Northern Ireland

Woman dies after nine-hour ambulance wait

Ambulance at RVH
Image caption A GP asked for an ambulance to take the pensioner to the Royal Victoria Hospital on 12 February

The Northern Ireland Ambulance Service has apologised to the family of an elderly woman who died after waiting more than nine hours for an ambulance.

The patient was due to be transferred to hospital from a County Down care home last week, but died in the home after other calls were prioritised.

The case is now being investigated as a Serious Adverse Incident.

In its apology, the Northern Ireland Ambulance Service (NIAS) said relatives "have a right to expect answers".

The woman was a resident of Hollygate Lodge care home in Carryduff, according to the Irish News.

On the afternoon of 12 February, a GP requested an ambulance to take the pensioner to the Royal Victoria Hospital in Belfast.

'Higher priority calls'

The call was made at 13:42 GMT and NIAS agreed with the doctor that the transfer should take place within four hours.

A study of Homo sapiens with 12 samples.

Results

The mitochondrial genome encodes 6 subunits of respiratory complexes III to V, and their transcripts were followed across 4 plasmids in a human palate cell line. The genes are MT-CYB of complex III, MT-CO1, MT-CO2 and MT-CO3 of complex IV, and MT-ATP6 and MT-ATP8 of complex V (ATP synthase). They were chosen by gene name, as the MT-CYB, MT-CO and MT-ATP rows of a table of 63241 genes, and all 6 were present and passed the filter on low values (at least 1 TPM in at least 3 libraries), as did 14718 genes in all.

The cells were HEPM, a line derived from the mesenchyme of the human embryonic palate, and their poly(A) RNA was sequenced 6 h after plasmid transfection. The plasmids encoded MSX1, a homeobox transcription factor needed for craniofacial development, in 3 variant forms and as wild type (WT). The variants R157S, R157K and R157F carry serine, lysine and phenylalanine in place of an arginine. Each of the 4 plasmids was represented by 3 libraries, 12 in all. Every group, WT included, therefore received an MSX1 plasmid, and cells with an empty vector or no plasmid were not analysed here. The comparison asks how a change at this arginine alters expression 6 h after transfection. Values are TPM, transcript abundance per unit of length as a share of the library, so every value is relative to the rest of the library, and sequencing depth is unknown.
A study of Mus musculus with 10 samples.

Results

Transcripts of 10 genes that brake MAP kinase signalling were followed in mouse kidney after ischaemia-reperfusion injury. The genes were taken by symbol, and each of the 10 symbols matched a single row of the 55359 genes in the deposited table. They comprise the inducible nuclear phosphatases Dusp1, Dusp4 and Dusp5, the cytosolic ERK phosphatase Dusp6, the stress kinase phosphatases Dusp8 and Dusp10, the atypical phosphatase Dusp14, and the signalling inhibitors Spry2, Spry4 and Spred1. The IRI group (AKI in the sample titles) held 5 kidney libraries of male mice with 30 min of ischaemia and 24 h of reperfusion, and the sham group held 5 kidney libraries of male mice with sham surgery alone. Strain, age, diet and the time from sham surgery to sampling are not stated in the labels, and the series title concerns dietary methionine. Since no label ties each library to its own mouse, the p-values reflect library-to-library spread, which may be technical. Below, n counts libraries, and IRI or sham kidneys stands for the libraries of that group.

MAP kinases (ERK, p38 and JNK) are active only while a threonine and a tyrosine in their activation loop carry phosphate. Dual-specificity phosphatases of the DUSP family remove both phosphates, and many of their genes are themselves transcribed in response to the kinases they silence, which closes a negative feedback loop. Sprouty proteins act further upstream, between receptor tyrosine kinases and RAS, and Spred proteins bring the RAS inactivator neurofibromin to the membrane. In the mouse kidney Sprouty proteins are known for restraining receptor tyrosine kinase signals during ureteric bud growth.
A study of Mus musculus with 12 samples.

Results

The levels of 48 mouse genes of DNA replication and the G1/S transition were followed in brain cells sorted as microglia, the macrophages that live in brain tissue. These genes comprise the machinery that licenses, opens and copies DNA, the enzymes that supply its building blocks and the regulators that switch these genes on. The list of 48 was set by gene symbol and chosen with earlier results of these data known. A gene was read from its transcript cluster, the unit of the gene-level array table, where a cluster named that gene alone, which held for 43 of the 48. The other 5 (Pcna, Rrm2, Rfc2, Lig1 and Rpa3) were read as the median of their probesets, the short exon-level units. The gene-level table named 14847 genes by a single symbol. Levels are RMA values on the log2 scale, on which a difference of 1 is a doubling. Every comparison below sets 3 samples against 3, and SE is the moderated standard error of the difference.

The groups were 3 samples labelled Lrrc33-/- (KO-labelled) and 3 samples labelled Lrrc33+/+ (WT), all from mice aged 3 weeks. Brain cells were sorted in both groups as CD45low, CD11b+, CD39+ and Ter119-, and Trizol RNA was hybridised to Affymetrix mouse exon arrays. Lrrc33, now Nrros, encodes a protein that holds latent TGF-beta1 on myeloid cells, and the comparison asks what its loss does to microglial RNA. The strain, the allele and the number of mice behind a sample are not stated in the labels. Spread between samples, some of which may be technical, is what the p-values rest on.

However, at 17:04, staff at the ambulance control centre decided that "due to the existing workload for higher priority calls, an ambulance would not be available within the agreed timescale", according to an NIAS statement.

The statement added that at 20:25, an ambulance was "allocated to this call but was stood down en-route to attend another call".

The ambulance control centre received two further phone calls on the patient's behalf at 20:34 and 22:14, asking for an update on when an ambulance would arrive.

Finally, an "intermediate care" ambulance became available at 22:35 and it was sent to the care home.


However, by 23:06 the case was upgraded to a Category A call and an A&E crew was also deployed to treat the patient.

"Regrettably, the patient died at the scene," said the NIAS statement.

Its chief executive, Shane Devlin, said: "I regret the fact that we were unable to respond to this patient's needs within the timeframe agreed with the GP and even longer.

"I would like, on behalf of the service, to apologise to the relatives of the patient who have a right to expect answers to any questions they may have in relation to how this call was handled and we would be happy to facilitate this."

No details of the patient's age or medical condition have been released.

NIAS confirmed it has launched an internal investigation.

The inquiry is being led by an assistant director within the NIAS and a report is expected to be ready by 17 April.